US Attorney Jenny Durkan's bizarre press conference last week has brought more overdue criticism of her handling of police reform.

On Thursday, Durkan attacked a widely misinterpreted presentation* about low-level crime statistics, saying it was not sanctioned by anyone in the police-reform process, as the Seattle Times reported. In fact, it was. The Community Police Commission, a civilian advisory board created by the federal court settlement to reform the SPD, requested the presentation. SPD official Bob Scales, who works in the compliance division that ensures reform is working, delivered the presentation.

So the Community Police Commission struck back against Durkan yestday (without actually mentioning her by name). And today the SPD is swiping back, too (again without mentioning Durkan by name). An SPD Blotter post this morning says—yuuuuuup—this was absolutely sanctioned by the SPD as part of the reform process.

Why should anyone care about this wonky bullshit?

Because Durkan is acting like out-of-touch bully lately—dissing the citizens and good cops actually reforming the SPD while praising or ignoring the rotten, anti-reform, right-wing-union cops who are part of the problem.

Unbelievably, Durkan has repeatedly supported interim chief Harry Bailey, who pushed pro-reform leaders into retirement, overturned misconduct verdicts against cops guilty of misconduct, shifted blame, and was caught making dishonest statements about it.

That presentation on low-level crimes used imperfect data (which everyone acknowledged at the time, because some data is imperfect), but the presentation showed the SPD being transparent and collaborative. It showed the police commission doing great work.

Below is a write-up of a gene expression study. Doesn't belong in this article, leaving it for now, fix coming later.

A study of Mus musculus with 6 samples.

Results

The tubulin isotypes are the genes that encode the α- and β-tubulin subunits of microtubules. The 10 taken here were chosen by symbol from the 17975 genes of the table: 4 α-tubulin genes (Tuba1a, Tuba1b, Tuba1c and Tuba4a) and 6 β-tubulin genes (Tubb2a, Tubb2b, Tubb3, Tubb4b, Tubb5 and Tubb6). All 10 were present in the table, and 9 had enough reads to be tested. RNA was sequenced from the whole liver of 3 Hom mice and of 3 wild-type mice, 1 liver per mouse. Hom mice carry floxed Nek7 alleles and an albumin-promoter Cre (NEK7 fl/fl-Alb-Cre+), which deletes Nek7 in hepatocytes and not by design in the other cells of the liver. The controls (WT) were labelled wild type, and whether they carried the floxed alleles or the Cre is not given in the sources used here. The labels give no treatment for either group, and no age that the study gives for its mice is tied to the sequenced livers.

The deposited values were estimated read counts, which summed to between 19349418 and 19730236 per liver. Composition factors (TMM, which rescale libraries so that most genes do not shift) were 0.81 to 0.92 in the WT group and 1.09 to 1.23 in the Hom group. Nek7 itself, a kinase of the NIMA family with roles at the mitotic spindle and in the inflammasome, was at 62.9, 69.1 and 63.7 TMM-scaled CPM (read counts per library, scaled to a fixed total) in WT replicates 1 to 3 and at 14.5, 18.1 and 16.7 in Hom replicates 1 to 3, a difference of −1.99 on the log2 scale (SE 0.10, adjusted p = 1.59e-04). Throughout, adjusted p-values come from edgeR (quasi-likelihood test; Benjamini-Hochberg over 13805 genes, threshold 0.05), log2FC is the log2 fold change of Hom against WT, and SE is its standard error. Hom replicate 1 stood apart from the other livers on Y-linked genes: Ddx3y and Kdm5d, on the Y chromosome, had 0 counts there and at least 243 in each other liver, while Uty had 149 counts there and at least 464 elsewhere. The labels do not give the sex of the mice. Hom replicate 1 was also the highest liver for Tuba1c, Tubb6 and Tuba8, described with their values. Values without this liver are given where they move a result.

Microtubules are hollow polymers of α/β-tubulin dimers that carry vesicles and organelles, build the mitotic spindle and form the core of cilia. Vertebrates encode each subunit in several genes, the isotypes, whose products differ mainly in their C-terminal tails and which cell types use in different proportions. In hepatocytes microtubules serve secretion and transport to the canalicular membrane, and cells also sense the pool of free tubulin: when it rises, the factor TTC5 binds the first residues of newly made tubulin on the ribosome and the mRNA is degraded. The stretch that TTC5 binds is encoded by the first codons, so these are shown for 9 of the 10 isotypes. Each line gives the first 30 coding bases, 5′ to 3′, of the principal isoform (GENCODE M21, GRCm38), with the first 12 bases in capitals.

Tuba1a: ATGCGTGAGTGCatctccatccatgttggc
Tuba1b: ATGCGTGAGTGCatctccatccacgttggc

Lots of folks have treated Durkan and the rest of the US Department of Justice, which originally charged the SPD with a pattern of excessive force in 2011, like they are the divine authority on police reform. They're not. Durkan has been motivated lately by apparently cronyism, in denial about real problems, and aimed her fire at the wrong people. She's finally getting called out.

* The presentation was sold in the media, and by politicians, as an "alarming" report that showed officers de-policing low-level crimes, leading to danger and disorder on the streets. Others folks acted like adults. The police commission explained yesterday that the drop in low-level enforcement (infractions like jaywalking) "may likely reflect the Department moving in directions that DOJ, the CPC and many other community leaders have long called for: de-escalation of minor incidents, crisis intervention training for engaging mentally ill individuals, and community-based diversion of many quality of life-type offenses."